AN EDUCATION authority judged so bad that is being taken over by the private sector has produced some of the most improved results in this year's league tables.
The north London borough of Islington registered the fourth highest improvement of any authority between 1998 and 1999. Its results for English, maths and science climbed by a combined 34.7 percentage points to leave it ranked 114th of 150 English authorities, which all improved their scores. It also came 11th in the list of the most improved authorities over the past four years, registering a 56.6 point increase since 1996.
The results come only a week after it emerged that Cambridge Education Associates is the Government's preferred bidder to take charge of all education services in Islington - the largest privatisation of its kind in Britain.
There was mixed news in the tables for other authorities criticised in recent inspection reports.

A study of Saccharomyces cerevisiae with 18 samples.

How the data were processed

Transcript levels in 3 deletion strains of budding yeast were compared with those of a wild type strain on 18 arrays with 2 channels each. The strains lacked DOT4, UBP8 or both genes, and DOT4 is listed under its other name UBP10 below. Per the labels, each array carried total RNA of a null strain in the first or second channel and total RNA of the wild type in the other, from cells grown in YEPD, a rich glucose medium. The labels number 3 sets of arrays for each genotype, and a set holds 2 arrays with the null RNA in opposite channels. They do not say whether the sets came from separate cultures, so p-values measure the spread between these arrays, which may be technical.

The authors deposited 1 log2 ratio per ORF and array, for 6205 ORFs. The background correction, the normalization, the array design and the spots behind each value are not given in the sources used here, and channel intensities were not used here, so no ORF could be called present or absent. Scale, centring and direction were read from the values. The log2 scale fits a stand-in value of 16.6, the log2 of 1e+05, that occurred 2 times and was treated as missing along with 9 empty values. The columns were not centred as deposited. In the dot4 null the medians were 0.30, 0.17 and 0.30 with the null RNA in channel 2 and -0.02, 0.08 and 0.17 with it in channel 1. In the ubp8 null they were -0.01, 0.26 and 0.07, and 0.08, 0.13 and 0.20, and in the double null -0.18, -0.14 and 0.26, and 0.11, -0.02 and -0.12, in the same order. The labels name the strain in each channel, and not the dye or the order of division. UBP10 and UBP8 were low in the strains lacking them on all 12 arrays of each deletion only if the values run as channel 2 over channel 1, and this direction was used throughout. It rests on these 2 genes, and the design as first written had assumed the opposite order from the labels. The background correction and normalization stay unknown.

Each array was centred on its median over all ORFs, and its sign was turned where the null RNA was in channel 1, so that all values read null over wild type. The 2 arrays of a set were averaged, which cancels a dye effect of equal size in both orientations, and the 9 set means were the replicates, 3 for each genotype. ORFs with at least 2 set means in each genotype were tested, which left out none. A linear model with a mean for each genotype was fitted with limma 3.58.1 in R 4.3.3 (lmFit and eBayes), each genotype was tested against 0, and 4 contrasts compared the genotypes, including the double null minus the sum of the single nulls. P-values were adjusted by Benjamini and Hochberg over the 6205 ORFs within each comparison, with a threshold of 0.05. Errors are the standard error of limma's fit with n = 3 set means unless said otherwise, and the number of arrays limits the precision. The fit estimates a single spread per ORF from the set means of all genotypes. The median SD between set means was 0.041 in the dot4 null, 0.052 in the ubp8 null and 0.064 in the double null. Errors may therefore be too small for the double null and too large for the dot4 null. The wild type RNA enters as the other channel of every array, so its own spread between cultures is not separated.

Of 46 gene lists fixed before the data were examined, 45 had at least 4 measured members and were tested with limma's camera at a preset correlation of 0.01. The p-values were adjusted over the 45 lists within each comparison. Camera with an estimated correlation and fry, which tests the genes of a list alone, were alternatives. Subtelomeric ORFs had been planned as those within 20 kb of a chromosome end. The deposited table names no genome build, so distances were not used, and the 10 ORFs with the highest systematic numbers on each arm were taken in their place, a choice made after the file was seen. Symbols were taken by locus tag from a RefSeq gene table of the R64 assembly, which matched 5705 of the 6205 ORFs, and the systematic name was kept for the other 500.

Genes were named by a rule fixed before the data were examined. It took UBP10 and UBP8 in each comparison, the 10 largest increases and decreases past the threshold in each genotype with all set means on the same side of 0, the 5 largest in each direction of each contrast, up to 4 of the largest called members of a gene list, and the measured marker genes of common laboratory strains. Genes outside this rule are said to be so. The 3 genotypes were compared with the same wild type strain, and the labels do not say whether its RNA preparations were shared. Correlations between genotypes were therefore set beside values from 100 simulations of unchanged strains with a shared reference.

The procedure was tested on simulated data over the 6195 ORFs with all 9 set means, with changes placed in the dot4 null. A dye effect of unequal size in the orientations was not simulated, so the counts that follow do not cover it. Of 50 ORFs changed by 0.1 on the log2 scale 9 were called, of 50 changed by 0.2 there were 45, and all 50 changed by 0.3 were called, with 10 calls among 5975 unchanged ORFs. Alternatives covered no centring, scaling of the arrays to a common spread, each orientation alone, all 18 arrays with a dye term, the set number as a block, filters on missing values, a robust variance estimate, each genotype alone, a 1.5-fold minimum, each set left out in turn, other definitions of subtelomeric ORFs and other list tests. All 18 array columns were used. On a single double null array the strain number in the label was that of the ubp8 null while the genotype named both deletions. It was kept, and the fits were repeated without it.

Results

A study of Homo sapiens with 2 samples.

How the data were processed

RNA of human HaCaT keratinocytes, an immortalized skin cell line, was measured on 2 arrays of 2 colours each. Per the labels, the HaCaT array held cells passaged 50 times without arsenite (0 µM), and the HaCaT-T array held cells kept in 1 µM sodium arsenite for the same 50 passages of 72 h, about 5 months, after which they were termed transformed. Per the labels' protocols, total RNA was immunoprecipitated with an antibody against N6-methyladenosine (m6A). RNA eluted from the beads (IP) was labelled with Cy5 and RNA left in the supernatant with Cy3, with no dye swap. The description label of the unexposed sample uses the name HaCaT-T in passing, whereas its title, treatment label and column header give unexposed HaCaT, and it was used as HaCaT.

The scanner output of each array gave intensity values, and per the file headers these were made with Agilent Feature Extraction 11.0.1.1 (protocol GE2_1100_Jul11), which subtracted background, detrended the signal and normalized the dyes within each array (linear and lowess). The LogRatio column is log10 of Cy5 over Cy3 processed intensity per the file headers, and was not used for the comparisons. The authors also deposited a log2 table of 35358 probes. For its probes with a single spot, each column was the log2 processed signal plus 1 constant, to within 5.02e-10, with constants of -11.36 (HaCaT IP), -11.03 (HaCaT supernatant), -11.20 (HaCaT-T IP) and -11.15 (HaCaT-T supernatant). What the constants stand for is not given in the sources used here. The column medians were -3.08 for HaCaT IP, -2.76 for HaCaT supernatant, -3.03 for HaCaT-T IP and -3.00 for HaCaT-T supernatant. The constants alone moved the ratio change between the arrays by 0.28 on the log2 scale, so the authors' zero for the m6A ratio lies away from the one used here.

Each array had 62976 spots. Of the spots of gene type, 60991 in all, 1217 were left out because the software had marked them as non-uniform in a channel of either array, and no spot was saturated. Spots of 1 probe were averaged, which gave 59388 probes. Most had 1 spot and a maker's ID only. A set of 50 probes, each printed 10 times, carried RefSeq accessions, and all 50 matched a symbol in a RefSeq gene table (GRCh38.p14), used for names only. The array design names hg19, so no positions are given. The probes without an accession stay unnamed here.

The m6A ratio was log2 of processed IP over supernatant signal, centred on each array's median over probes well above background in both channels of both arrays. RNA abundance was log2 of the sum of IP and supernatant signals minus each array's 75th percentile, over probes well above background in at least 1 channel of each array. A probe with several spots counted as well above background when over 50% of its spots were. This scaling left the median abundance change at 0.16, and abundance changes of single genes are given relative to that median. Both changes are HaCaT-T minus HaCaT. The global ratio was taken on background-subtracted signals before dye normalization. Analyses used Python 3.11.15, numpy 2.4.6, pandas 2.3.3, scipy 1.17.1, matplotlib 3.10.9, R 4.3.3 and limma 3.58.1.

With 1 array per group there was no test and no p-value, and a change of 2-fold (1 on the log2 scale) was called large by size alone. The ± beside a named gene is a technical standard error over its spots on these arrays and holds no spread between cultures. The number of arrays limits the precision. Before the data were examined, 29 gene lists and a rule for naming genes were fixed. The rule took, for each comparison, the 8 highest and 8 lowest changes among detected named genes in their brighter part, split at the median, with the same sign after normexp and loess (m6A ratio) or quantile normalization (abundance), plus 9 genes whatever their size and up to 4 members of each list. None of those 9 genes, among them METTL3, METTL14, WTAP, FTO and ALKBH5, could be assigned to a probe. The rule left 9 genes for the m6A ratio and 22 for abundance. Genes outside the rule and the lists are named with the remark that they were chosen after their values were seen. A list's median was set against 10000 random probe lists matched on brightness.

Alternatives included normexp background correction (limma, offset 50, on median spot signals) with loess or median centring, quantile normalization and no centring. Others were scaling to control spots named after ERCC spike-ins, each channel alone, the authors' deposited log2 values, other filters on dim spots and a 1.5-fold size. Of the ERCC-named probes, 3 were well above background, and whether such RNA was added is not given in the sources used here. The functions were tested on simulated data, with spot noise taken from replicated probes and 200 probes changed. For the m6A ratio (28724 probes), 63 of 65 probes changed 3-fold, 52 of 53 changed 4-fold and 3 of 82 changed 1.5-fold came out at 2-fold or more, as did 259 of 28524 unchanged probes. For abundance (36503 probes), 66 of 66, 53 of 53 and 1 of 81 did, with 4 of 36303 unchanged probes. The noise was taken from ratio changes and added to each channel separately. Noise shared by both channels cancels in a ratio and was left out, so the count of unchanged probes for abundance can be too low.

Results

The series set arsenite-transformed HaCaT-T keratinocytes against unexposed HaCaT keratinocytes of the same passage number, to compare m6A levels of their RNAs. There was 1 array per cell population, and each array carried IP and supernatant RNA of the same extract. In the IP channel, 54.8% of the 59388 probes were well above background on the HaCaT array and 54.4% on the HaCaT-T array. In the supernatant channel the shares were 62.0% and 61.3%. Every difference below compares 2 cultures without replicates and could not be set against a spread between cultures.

Hackney also featured in the top 25 most improved authorities over the past four years.
But this year's improvement of only 14.4 percentage points was one of the lowest in the country, and left the London borough rooted to the bottom of the table.
Both Liverpool and Leicester produced improvements slightly above average but are still near the bottom of the table.
Tower Hamlets in London has made the fifth greatest improvement over the last four years, though it still ranked as the ninth worst local authority.
Among authorities making the slowest progress is the London borough of Hammersmith and Fulham, in the bottom 20 of local education authorities, though two weeks ago it emerged as the most improved authority at GCSE level.
Some authorities, such as Richmond upon Thames, show a comparatively low improvement rate because they already achieve high scores.